Euphoric NASA engineers, hailing the "rebirth" of America's space program, stood by Wednesday to begin attaching the shuttle Discovery to its external tank and boosters for the first post-Challenger flight.
Discovery, cheered on by hundreds of proud NASA workers, was towed Tuesday to the Vehicle Assembly Building, the first movement for the orbiter since it was put in its hangar Oct. 30, 1986 - exactly 600 days ago. Its next stop: launch pad 39B for blastoff on the 26th shuttle mission late this summer."This was like a rebirth," said John "Tip" Talone, the NASA engineer in charge of Discovery's ground processing. "This was like saying we're back in business again and we mean to stay in business."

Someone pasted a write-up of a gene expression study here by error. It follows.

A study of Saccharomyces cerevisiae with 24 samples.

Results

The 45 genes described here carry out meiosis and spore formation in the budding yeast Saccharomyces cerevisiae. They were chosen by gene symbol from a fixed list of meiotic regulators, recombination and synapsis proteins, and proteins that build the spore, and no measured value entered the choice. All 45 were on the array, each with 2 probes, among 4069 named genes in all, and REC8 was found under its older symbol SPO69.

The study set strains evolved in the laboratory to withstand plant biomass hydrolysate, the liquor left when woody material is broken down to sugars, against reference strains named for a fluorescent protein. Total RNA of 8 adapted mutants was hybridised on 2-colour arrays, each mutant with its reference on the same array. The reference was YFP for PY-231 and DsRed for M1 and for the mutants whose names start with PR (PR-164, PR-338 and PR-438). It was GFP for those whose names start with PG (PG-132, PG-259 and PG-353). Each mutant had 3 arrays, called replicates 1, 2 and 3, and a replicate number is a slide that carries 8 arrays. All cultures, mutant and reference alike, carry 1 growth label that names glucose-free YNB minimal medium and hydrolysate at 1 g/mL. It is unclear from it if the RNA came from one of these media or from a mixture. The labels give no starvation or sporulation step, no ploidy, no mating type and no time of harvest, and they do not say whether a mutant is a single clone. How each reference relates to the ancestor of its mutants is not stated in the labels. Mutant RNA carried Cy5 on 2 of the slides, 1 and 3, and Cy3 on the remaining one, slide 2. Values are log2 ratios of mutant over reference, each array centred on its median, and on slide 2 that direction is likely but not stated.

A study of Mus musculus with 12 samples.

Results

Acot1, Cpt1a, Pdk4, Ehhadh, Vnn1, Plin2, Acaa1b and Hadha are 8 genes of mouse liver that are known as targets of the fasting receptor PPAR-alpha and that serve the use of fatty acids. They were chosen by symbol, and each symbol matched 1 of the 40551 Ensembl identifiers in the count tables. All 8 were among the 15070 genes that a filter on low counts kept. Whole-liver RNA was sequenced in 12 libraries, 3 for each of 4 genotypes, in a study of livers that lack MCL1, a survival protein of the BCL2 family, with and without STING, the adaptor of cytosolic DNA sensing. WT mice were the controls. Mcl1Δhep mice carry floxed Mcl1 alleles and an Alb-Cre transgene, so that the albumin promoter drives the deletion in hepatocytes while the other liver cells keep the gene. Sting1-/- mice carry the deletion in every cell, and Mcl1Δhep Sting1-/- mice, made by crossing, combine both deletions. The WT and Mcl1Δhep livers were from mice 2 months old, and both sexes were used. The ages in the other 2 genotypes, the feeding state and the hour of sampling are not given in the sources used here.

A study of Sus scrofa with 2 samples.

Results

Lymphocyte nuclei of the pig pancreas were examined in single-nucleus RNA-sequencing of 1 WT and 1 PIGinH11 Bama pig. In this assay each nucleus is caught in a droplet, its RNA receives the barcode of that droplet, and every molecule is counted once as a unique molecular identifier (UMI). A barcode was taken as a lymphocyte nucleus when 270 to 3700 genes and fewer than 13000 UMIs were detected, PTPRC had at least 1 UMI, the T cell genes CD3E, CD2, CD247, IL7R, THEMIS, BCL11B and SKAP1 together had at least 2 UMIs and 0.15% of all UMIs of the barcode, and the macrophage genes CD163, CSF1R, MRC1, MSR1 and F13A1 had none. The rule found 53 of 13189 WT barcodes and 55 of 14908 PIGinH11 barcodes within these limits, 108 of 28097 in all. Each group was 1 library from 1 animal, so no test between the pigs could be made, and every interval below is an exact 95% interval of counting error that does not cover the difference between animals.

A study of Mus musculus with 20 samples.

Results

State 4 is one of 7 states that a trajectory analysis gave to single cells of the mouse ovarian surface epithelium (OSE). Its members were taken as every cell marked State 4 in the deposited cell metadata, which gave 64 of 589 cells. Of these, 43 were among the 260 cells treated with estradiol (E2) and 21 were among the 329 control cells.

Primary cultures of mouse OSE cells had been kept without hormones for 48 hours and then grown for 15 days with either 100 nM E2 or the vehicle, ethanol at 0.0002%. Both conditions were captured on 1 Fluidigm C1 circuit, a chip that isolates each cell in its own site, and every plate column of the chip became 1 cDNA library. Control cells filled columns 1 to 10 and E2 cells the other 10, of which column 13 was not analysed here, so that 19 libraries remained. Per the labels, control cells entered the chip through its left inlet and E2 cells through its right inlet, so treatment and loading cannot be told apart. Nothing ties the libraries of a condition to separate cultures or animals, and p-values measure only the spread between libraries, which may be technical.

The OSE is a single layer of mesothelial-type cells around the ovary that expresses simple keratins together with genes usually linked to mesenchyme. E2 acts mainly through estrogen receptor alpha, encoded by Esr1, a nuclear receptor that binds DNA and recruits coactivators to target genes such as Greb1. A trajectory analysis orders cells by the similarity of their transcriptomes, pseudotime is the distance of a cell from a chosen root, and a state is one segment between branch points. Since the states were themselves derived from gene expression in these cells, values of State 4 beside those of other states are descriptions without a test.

Discovery's crawl from its hangar to the assembly building was a clear sign of the growing pace of launch processing and NASA's determination to resume American manned space flights late this summer, after a 21/2-year hiatus caused by the January 1986 Challenger disaster.
"That's the cleanest orbiter we've ever moved, and it's just in great shape," said Forrest McCartney, director of the Kennedy Space Center. "I don't know of any single thing about that orbiter that we're concerned about."
Engineers planned to pick up the orbiter Wednesday with a pair of overhead cranes to begin the process of bolting Discovery to its external tank and Morton Thiokol-made boosters. The roll out to the launch pad is expected around the end of the month.
Under that schedule, Discovery would blast off around Sept. 3, but NASA hopes to make up time later in the processing "flow," and the launch could slip back into August.